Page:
By Andrea Timpano
BU News Service

As crowds gathered in Kenmore Square to cheer on runners of the 118th Boston Marathon, one group of spectators stood out from the rest. They wore navy blue t-shirts with red lettering, the name of their hometown — Blackduck, Minnesota, emblazoned across their backs. The front of their shirts displayed the “Boston Strong” slogan, the mantra that has united the city in the year since the violence of last year’s Marathon Monday.

Six relatives of Nate Lien, a competitor in this year’s race, wore the shirts. Lien, 37, made the decision to register for the Boston Marathon after the bombings in 2013. He planned to retire from road marathons after completing his last race, says his wife, Meghan Lien, but he reconsidered in light of the tragedy.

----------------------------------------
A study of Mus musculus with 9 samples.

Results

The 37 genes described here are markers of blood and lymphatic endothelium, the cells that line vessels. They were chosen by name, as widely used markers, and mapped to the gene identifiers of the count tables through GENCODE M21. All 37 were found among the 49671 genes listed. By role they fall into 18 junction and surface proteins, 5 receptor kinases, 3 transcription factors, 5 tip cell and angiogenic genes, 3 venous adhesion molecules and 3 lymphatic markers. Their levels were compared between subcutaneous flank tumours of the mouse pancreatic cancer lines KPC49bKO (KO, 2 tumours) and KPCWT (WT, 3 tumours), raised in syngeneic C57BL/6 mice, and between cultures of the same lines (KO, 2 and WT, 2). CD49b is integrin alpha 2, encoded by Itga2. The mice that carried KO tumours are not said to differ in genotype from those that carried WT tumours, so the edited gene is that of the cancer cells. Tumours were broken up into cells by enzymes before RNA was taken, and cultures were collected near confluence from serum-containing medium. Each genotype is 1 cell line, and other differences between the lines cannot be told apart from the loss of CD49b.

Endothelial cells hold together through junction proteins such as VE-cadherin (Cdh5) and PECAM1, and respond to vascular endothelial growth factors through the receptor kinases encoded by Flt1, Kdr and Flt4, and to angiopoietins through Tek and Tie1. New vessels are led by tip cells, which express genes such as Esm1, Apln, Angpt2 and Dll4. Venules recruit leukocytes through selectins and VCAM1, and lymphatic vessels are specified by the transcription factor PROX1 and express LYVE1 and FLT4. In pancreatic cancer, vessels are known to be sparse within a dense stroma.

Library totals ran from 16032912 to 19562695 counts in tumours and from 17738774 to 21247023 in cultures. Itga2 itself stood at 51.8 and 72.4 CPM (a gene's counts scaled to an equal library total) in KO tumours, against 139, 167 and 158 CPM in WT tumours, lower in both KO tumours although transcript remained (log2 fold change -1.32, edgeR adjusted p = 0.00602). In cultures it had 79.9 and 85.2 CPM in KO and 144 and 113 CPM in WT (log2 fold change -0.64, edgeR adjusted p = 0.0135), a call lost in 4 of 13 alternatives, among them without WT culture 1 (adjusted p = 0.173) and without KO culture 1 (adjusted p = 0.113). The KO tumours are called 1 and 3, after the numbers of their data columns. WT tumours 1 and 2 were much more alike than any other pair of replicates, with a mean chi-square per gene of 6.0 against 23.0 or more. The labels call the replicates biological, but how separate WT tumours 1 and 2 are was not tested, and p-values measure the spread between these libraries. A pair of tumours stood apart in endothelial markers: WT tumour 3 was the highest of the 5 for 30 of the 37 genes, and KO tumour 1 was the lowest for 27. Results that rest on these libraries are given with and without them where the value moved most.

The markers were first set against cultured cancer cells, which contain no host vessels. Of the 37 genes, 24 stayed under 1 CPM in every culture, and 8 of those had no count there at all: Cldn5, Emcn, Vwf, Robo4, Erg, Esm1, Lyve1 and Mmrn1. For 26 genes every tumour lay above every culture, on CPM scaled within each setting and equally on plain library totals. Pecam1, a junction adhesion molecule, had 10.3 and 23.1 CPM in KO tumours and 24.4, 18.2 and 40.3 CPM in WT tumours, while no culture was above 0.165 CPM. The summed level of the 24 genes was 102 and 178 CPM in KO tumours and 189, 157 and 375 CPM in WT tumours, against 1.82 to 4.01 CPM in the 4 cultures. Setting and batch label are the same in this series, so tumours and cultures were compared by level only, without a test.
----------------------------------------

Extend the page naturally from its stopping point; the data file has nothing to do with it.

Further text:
“He thought this was one he definitely wanted to do,” Meghan Lien says, adding that Lien is a first-time Boston Marathon runner.

Being in Boston for this year’s marathon was important to Lien’s entire family.

Lien’s cousin, Nicole Miller, says the family wanted to be here to show their support for the runners. Still, the family says they were not without concerns. Given the events of last year, they decided it would be safer to watch from Kenmore Square than to venture near the finish line.

“I must admit I was worried.” Meghan Lien says, standing near the 25-mile marker outside Eastern Standard restaurant. “That’s why I didn’t bring our children.”

Despite their concerns, Miller says they booked their hotel rooms in the city before they knew if Lien had even qualified to compete. “We would have come no matter what,” Miller says.